TALLAHASSEE, Fla. – Florida political leaders say controlling the spread of the Zika virus is doable but will take everyone's help, as travel advisories have been posted about visiting the state.
Gov. Rick Scott, at the start of a state Cabinet meeting Tuesday, said it's important to get the message out that Florida --- anticipating a record 110 million to 115 million visitors this year --- remains "a safe state."
"We're going to beat this," Agriculture Commissioner Adam Putnam said. "We're going to move forward, and Florida is very much going to remain the state that is known for its exceptional outdoor activities and opportunities, and this will be just one of the more interesting chapters written about Florida."
The state, as of Tuesday afternoon, had recorded 15 cases of people being infected by mosquito bites in Florida, with the virus believed to have been transmitted in a small area north of downtown Miami.
U.S. Senator Bill Nelson, who's from Florida, is urging Senate leaders to pass an emergency Zika-funding bill.
He said the leaders could pass the bill without reconvening the entire Senate, by employing a little-known procedure known as "pro forma sessions," which requires two senators to take to the Senate floor every three to four days to convene the Senate and moments later adjourn the Senate for another three to four days.
Nelson sent a letter to Senate Majority Leader Mitch McConnell on Tuesday, urging him to use one of the nine upcoming pro forma sessions to pass the same $1.1 billion compromise bill that the Senate passed overwhelmingly back in May to fight the virus.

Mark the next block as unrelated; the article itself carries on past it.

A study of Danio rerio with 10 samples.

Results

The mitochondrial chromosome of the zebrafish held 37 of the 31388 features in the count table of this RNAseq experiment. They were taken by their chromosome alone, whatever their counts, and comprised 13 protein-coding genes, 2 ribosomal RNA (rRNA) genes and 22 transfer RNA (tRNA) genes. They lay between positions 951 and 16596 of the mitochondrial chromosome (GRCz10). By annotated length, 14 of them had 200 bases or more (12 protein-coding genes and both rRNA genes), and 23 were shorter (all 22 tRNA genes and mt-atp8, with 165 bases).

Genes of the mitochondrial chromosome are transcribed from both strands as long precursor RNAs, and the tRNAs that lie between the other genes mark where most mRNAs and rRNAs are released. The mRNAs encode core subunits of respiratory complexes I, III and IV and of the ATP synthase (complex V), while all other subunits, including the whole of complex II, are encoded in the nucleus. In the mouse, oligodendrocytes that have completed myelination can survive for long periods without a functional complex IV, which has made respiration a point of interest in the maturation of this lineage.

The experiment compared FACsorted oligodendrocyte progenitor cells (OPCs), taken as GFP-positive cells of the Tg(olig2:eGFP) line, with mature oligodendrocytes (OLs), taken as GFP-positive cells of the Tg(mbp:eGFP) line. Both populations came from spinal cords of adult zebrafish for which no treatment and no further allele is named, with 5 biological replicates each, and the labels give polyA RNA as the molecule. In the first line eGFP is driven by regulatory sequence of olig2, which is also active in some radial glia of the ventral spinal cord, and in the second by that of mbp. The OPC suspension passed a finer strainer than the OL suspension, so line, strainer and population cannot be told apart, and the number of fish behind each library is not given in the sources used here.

“The Senate has done this in the past, so there is precedent, and we need to do so again to protect the American people from this growing public-health crisis," Nelson said. “We cannot afford to wait another five weeks for Congress to return.”
On Monday, the U.S. Centers for Disease Control and Prevention issued an advisory that pregnant women should not travel to the area of Miami. Also, at the state's request, the federal agency said it was sending an "emergency response team," including experts on Zika, pregnancy and birth defects, to help in the response.
The mosquito-borne virus generally produces mild symptoms. However, it is particularly dangerous to pregnant women because it can lead to severe birth defects, including microcephaly, which leaves babies with abnormally small heads and developmental problems.
British officials also have advised pregnant women and couples looking to conceive to avoid non-essential trips to all of Florida and to some other parts of the U.S. because of the risk of contracting Zika.
As state and federal disease prevention officials work in South Florida, Scott and Putnam said residents can do little things to help keep the virus from spreading. That includes trying to reduce the population of mosquitos, which lay eggs in standing water.
"Everybody in the state has got to be active," Scott said. "You (have) got to get rid of standing water. You have to get rid of standing water. And you have to get rid of standing water. You won't have mosquitoes if they don't have any babies."
More than 1,600 cases of the virus have been reported across the continental U.S., nearly all contracted by people who traveled abroad or through sexual transmission.
A big concern for Florida is the frequency of travel between the state and the U.S. territory of Puerto Rico, where more than 4,500 cases have been reported, nearly all contracted through mosquitoes.
Putnam said Florida is in better position to fight the virus than other areas impacted by Zika due to better infrastructure that includes air conditioned buildings, unblemished screens, sanitation requirements and local mosquito control agencies.